When my husband and I first found out I was infertile, we shared the news with some dear friends of ours. These friends are walk-by-faith kind of friends. They know everything is within God’s realm of possibility, and they live their lives as is that’s true. (These are great friends to have. If you don’t have any, find some.) When they found out the doctor told us we couldn’t have babies, the first thing they said was “Pray for a miracle!”
Pray for a miracle. I hate to admit it, but I hadn’t even thought of that. Maybe it was because I was in the throes of grief over my inability to give birth. Or maybe because my faith can be diminutive at times. Or maybe it was because I wasn’t even sure God wanted me to pray that. Whatever the case, it took me a while to consider it and do it.
But eventually, I started asking God for a miracle baby. I began to think, How awesome would it be for all the people who knew I had this condition to find out that I was pregnant? What a testimony to the power of God! What proof that He still answers prayers! What evidence that He still does miracles! How badly I wanted God to get glory through this narrative. I could see the headlines: Sterile woman with no eggs miraculously becomes pregnant. Doctors cannot explain it. The supernatural is at work! (Okay, those are pretty cheesy headlines. But cheesy is my thing, as I write for kids for my day job.)
Anyway, I know people who don’t believe in Jesus. I thought surely a miraculous pregnancy would cause them to consider the existence of a God, a God who not only is real but who sees our pain and answers our petitions with a YES, just because He’s awesome like that. So I prayed.
In addition to this desire for God to get more glory, my dream of becoming pregnant started to grow as well. Oh, and I didn’t just want to be a mom, but a boy mom. Those very same walk-by-faith friends had three boys of their own. When my husband and I flew to visit them, I couldn’t get enough of the experience. (Well, after 15 hours of nonstop activity, multiple meltdowns, and constant interaction, I suppose I did have enough, as did my friend.)
Nevertheless, I pictured holding this boy in my arms. Playing with him. Laughing with him. I imagined him riding in the passenger seat of my car, chatting away on our way home from school. Indeed, my ache to have a miracle baby and a miracle testimony were replacing my grief. Like Hannah, I prayed for a son that I could dedicate to the Lord.
Was it silly to pray for this? Should I have just taken what God had clearly ordained for me and shut up about it? Of course not! To do so goes against everything the Bible says about prayer. (Luke 18:1-8, Ephesians 6:18, Philippians 4:6, 1 Peter 5:7, ) So if you are an infertile woman on your knees begging God to heal you, you’re not being silly either. You are walking by faith, trusting God is as powerful as He declares Himself to be in the Scriptures, and asking Him to do what the Bible has shown us repeatedly that He can do: a miracle.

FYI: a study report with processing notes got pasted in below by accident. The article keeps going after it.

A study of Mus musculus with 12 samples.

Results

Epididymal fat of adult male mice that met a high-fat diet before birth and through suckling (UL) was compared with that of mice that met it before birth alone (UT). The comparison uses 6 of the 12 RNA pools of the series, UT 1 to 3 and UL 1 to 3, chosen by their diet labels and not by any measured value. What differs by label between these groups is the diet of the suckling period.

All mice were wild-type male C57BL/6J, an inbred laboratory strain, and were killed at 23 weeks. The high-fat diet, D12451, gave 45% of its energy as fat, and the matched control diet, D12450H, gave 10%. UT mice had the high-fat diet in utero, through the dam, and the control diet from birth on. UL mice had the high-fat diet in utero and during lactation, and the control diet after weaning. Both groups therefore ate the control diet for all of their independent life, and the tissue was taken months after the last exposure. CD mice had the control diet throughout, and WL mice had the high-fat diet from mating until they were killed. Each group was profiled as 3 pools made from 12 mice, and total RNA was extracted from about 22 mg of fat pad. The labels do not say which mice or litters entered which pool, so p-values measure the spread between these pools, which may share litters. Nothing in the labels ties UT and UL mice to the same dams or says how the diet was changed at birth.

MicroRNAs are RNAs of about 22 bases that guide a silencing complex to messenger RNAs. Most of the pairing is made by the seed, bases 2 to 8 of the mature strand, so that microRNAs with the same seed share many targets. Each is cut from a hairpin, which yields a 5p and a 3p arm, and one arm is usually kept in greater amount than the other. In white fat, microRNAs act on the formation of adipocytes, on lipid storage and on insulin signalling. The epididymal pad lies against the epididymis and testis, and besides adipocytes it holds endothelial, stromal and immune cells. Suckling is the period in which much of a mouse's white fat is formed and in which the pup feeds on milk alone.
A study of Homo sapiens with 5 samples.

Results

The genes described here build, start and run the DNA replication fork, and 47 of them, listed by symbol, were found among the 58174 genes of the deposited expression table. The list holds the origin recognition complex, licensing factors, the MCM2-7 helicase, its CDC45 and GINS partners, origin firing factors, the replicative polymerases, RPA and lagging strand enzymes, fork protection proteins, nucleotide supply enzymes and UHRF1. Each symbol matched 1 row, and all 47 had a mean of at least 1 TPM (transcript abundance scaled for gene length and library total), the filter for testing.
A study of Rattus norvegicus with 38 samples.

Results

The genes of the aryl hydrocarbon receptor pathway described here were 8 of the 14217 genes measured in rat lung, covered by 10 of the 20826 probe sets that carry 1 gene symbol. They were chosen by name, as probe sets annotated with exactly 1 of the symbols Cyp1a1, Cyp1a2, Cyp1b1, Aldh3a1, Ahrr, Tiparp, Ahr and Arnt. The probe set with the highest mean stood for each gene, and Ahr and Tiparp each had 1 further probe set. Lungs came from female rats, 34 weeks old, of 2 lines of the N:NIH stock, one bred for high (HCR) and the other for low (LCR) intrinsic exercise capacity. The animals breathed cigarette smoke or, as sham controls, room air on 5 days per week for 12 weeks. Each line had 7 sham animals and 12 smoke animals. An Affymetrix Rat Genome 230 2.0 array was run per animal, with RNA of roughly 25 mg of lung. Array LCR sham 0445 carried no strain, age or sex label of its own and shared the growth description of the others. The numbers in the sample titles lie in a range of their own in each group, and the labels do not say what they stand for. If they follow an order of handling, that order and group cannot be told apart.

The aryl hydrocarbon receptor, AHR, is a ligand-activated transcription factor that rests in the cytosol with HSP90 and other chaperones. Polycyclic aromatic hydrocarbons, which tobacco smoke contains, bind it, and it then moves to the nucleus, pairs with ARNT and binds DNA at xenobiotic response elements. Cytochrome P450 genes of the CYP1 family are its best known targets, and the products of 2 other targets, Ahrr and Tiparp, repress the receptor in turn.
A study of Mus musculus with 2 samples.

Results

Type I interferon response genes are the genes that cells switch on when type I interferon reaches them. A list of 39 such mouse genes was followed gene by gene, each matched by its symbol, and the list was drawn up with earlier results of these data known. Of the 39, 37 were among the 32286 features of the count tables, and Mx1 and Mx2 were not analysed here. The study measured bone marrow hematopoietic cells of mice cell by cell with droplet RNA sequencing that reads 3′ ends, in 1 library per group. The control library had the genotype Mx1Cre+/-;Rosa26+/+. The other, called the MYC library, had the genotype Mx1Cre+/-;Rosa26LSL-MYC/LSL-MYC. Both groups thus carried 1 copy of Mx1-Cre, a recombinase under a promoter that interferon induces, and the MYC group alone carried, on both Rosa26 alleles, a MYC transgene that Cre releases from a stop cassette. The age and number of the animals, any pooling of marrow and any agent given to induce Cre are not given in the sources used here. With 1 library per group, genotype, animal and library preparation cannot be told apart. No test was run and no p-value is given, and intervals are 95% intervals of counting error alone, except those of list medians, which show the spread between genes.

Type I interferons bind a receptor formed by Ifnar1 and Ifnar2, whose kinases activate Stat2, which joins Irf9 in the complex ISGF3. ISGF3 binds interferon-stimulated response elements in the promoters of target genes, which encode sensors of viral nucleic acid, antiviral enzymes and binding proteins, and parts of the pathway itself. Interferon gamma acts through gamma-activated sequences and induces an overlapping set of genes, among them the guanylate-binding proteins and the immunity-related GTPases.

Yet as I write this blog today, God hasn’t given me that miracle. He hasn’t given me eggs. He hasn’t given me a pregnancy. He hasn’t given me a biological child, let alone a biological son. He’s only said no, over and over again, like He did with the Apostle Paul concerning his thorn in the flesh, and like He did with Jesus in the Garden of Gethsemane concerning another path to redemption.
Yet here’s the thing, it took me a long time to realize: God did do a miracle. I just had to look closely to find it.
God has done a miracle in me. The woman who had stopped praying. The woman who had refused to talk to Him about anything concerning her infertility. The woman who had believed all kinds of lies about herself. The miracle was not of the flesh, but of the spirit. It was not of the womb, but of the heart. And if I take my cue from the story of Jesus forgiving the sins of the paralyzed man (Mark 2:1-12), then I’d say Jesus thinks these kinds of miracles are pretty important, so I probably should too.
As I write this, I am still praying for God to give me eggs and knit together a baby in my womb. But it’s no longer a striving kind of prayer, a prayer that is me wanting to impose my will upon God’s, a prayer of me telling Him how He should get more glory. Now it’s more of a prayer of meekness and submission, a prayer that says, “You are the God who heals! You are the God who saves! But above all, you are God, and I am not.”
I still pray for that baby – the boy who is not yet, and may never be. And all the while, I pray for the children who already are: my friends’ kids, my godkids, the kids in the ministry I work for. And if God never gives me a miracle baby, there is another miracle I must tell people about: the miracle that happened inside of me, the miracle of redemption, revivification, and renewed faith. I must talk about the God who listens to His daughters begging for miracles, and who, the entire time they’re begging, performs miracles within their souls.